You’ve submitted your thesis, finished your exams and have now had some time to process your results. All that college work you were worried about this time last year is finally finished and you’re thinking great — what now?
First of all, you might be happy to hear that while your final college grade can be a decent indicator for future performance, it’s not the be all and end all for employers in the same way it used to be.
While there are certain companies who do still require a minimum grade to get into their graduate programmes, most modern tech companies look at a multitude of other factors when evaluating someone’s potential to be successful in a role.
Your personality is one such factor. In fact, in a survey of 2000 bosses, 33% claimed that they know within the first 30 seconds whether or not they are likely to hire someone.
A consequence of this trend means that it has become increasingly commonplace for companies to have “culture fit” interview questions that evaluate your strengths, weaknesses, interests and values.
These questions often require a certain amount of inflection and critical analysis that a lot of younger people seem to struggle with — me included.
To help you prepare for this part of the interview process, we’ve picked out the 5 most common questions and have shared our thoughts on what we think the best way approach is to answering them.
1. Why do you want to work for us?
This gets asked in nearly every interview so you should be prepared to answer this question. If you’re focusing on candidate-centric things like work-life balance, benefits, compensation, better commute — you’re thinking about this question wrong.
Do your research on the job and company so you can give a few solid examples on not only why you’re a good fit for the company but how you can add value.
There are no right or wrong answers to this question but there are definitely good and bad ones. Therefore, it’s important that you show self-awareness of your skills and can clearly articulate your motivation for this specific role with this specific company.
2. Tell me about an accomplishment you’re proud of.
Some interviewers are happy to hear about accomplishments outside of work, while others will be more interested in hearing about something more work-related — it’s alright to ask if they have a preference for one or the other.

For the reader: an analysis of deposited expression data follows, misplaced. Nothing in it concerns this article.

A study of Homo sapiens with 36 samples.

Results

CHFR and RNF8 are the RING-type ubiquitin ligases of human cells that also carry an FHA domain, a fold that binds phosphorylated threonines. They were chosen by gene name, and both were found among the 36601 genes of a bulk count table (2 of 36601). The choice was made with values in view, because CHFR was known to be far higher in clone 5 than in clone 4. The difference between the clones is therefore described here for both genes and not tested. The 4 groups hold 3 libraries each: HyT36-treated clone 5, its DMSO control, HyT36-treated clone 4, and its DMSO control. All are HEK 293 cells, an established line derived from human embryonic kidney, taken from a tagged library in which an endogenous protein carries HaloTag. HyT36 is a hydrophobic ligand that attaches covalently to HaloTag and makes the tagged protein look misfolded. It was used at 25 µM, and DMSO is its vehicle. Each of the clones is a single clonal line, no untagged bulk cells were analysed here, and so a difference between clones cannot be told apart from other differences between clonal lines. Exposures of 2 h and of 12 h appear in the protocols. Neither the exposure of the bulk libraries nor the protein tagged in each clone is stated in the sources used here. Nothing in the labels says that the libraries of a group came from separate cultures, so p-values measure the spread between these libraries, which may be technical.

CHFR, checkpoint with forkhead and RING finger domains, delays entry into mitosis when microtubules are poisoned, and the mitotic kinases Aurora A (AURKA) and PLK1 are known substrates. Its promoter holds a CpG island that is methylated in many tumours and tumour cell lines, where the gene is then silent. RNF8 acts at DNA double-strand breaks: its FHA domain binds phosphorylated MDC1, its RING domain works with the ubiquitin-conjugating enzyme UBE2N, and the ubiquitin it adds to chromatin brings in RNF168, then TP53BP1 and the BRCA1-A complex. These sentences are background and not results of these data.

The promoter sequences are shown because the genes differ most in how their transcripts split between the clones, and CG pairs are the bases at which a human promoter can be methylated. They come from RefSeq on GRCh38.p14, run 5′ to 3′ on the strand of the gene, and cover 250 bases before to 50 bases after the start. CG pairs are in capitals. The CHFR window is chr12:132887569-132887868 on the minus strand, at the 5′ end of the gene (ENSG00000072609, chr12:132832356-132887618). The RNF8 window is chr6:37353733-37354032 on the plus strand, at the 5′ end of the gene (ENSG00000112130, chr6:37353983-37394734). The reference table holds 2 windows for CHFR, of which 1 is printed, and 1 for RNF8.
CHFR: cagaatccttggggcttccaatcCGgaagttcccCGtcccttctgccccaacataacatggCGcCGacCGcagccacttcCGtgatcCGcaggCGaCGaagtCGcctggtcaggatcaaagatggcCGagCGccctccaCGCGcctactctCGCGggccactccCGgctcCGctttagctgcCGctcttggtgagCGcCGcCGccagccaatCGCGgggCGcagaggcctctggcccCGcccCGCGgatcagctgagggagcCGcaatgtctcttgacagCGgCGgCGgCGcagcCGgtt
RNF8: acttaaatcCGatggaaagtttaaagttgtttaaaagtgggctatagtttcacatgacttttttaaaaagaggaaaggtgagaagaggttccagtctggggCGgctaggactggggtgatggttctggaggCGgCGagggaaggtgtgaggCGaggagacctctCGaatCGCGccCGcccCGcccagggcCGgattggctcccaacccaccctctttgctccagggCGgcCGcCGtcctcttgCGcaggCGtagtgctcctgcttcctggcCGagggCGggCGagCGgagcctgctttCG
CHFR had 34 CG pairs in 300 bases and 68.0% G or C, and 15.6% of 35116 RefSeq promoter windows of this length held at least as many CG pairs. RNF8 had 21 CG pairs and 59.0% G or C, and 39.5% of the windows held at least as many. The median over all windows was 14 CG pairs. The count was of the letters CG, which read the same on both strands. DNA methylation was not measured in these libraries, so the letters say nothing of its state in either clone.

With this question, they want to find out what you’ve done that sets you apart from the rest of the candidates. If you’re uncomfortable bragging, remember that they’re just trying to get a glimpse of your personality.
Interviews can be boring, but thankfully most people are not. This open-ended question gives you a chance to talk about something other than the position and your work experience. It doesn’t matter what you’re proud of, as long as you’re proud of something.
So don’t worry about sounding like you’re full of yourself. Tell a short, interesting story about what you did, why it mattered to you and what you learned from it.
3. Tell me about a time you solved a problem at work.
The interviewer here is looking at two things;
- What was the issue?
- How did you approach it?
They’re trying to get an idea of not only your decision-making process but how you behave at work. The problem that you solved is unimportant. What the interviewer is looking for is how you solved it and whether that is alignment with their company’s values.
While some roles are highly collaborative in nature and therefore require a lot of teamwork, the requirements for other roles can focus a lot on using your initiative and working by yourself.
Closely examine the job spec and the requirements listed prior to the interview to get a clear definition of what their expectations are for the role and then reflect on a relevant example that you have. We’ve already covered using the STAR method to answer questions and it can easily be applied to this question.
4. How do you like to be managed?
What the interviewer is doing here is assessing what your work preferences are. Generally, employees who have a strong working relationship with their manager tend to not only perform better but also stay at companies longer than those who don’t.
In essence, they’re trying to uncover what your “perfect” manager would look like. Try to think about previous bosses that you’ve enjoyed working with, the management style they employed and why you enjoyed working with them.
Do you prefer those who are more process-driven or do you prefer having more autonomy to make decisions? Do you prefer weekly face-to-face meetings or would you rather keep in touch over email daily?
You need to go in with a good idea of how you like to go about your work but also have enough research behind you so you can align that with what their expectations are for the role. Most managers can accommodate workers with different preferences and needs, but only if you’re able to articulate it correctly.
5. How would your previous colleagues describe you?
Many modern companies actively work to foster a strong culture by organising team-building activities such as day-trips, happy hours and other events. Therefore, it makes sense that when they’re looking for people to bring in that they’ll want people who can add to this environment.
So, are they all business or are they party animals? As always, do your research on the company prior and get a feel for where exactly on this spectrum they lie and base your answer off of that. If you read through the job spec closely, it’s likely there’ll be some insights into the traits they’re looking for in their ideal candidate.